How Each Person’s Recovery from Ritalin Is Unique

How Each Person’s Recovery from Ritalin Is Unique

Ritalin, a brand name formulation of methylphenidate, is a central nervous system stimulant that doctors often prescribe to treat attention deficit hyperactivity disorder (ADHD). The National Institute on Drug Abuse (NIDA) notes that Ritalin increases dopamine, a chemical associated with brain reward and memory. Extended or excessive Ritalin use can produce an addiction even when prescribed for medical reasons, but some people take the drug for non-medical reasons such as the pursuit of a euphoric high. The path to Ritalin addiction involves countless potential factors, and for this reason, each person’s path to recovery is unique with distinct challenges, goals and stages.

Reasons for Ritalin Abuse

One factor that makes recovery unique for each person is the initial reason for use. While people can become addicted with prescribed use, many people acquire Ritalin illegally and take it without medical supervision. Some illicit users even crush the pills and consume the drug through the nasal passage or intravenous injection. There are several possible motivations for illicit use, including the following:

  • Increase mental sharpness for an athletic or academic advantage
  • Experience a stimulating euphoric high from the dopamine increase
  • Assist with attempts to lose weight at a dangerously rapid pace
  • Use as a cocaine alternative with intranasal use of crushed pill powder
  • Stay awake or provide a jolt of energy and alertness
  • Mask the symptoms of an undiagnosed mental health disorder

A study published in the Pharmacotherapy journal in 2006 tracked illicit prescription stimulant use among college students, a demographic that has one of the highest rates of Ritalin abuse. Students reported on their primary reasons for illicit use, which included improved concentration (65%), study help (60%), mental alertness (48%) and getting high (31%). Moreover, 38% reported snorting crushed pills, and the most commonly abused stimulant was methylphenidate formulations like Ritalin.

Comprehensive Ritalin Addiction Treatment

As seen by the Pharmacotherapy study, Ritalin is different from many other addictive drugs in that illicit use often involves more than just getting high, and deeper issues like depression, poor self-image, competitive pressure and anxiety often drive these motivations. When it comes to treating addiction, it is essential to treat the entire person, which includes underlying issues and motivations. Addicts typically have a combination of recovery needs, and rehab centers design comprehensive, yet flexible and adaptable plans to address them. With so many variables, each recovery is truly unique, but treatment and recovery support are designed to adapt to changing needs.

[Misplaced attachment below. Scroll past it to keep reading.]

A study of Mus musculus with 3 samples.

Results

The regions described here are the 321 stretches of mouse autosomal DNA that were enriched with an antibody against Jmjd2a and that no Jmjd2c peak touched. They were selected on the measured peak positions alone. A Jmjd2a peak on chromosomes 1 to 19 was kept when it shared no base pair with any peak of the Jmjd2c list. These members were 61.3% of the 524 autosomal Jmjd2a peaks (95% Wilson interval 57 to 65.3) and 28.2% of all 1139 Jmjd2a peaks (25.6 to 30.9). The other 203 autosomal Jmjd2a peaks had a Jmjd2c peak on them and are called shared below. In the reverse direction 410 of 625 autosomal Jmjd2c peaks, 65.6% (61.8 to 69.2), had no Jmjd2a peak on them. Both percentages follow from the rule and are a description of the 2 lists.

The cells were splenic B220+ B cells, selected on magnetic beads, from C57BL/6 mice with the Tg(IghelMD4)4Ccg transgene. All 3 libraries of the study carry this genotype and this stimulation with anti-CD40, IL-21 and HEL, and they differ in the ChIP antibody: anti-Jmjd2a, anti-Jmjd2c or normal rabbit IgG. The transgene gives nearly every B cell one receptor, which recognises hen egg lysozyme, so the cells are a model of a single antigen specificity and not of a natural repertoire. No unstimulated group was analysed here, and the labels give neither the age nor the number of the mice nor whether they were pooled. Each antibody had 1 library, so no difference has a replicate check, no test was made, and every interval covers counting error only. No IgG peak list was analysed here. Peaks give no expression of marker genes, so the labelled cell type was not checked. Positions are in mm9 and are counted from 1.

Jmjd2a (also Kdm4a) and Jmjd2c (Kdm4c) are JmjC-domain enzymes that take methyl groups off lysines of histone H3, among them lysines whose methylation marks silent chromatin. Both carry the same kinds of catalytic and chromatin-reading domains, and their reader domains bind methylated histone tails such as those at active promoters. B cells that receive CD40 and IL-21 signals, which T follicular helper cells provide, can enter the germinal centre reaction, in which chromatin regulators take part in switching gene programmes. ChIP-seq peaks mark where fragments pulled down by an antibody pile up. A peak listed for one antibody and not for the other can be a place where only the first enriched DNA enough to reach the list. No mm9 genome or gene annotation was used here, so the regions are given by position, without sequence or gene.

There are several examples of how treatment might address particular issues, including the following:

  • The development of life skills like stress management, conflict resolution and relaxation exercises to minimize relapse triggers
  • Integrated treatment for co-occurring mental health and personality disorders like bipolar, depression, anxiety and narcissism
  • The use of behavioral therapies that target maladaptive thought patterns, irrational beliefs and negative thinking
  • The use of motivational therapies that guide patients to find and embrace personal reasons to want to recover
  • Holistic therapies and techniques to assist with ongoing ADHD issues

These programmed therapies represent only a handful of options that are available to meet the unique recovery needs to each individual patient. If you want to know how rehab could benefit you or a loved one, our admissions coordinators are available 24 hours a day to help. We can discuss the various treatment options, recommend facilities and even check health insurance plans for benefits. While each recovery is unique, most begin when a person asks for help. Please call our toll-free helpline now.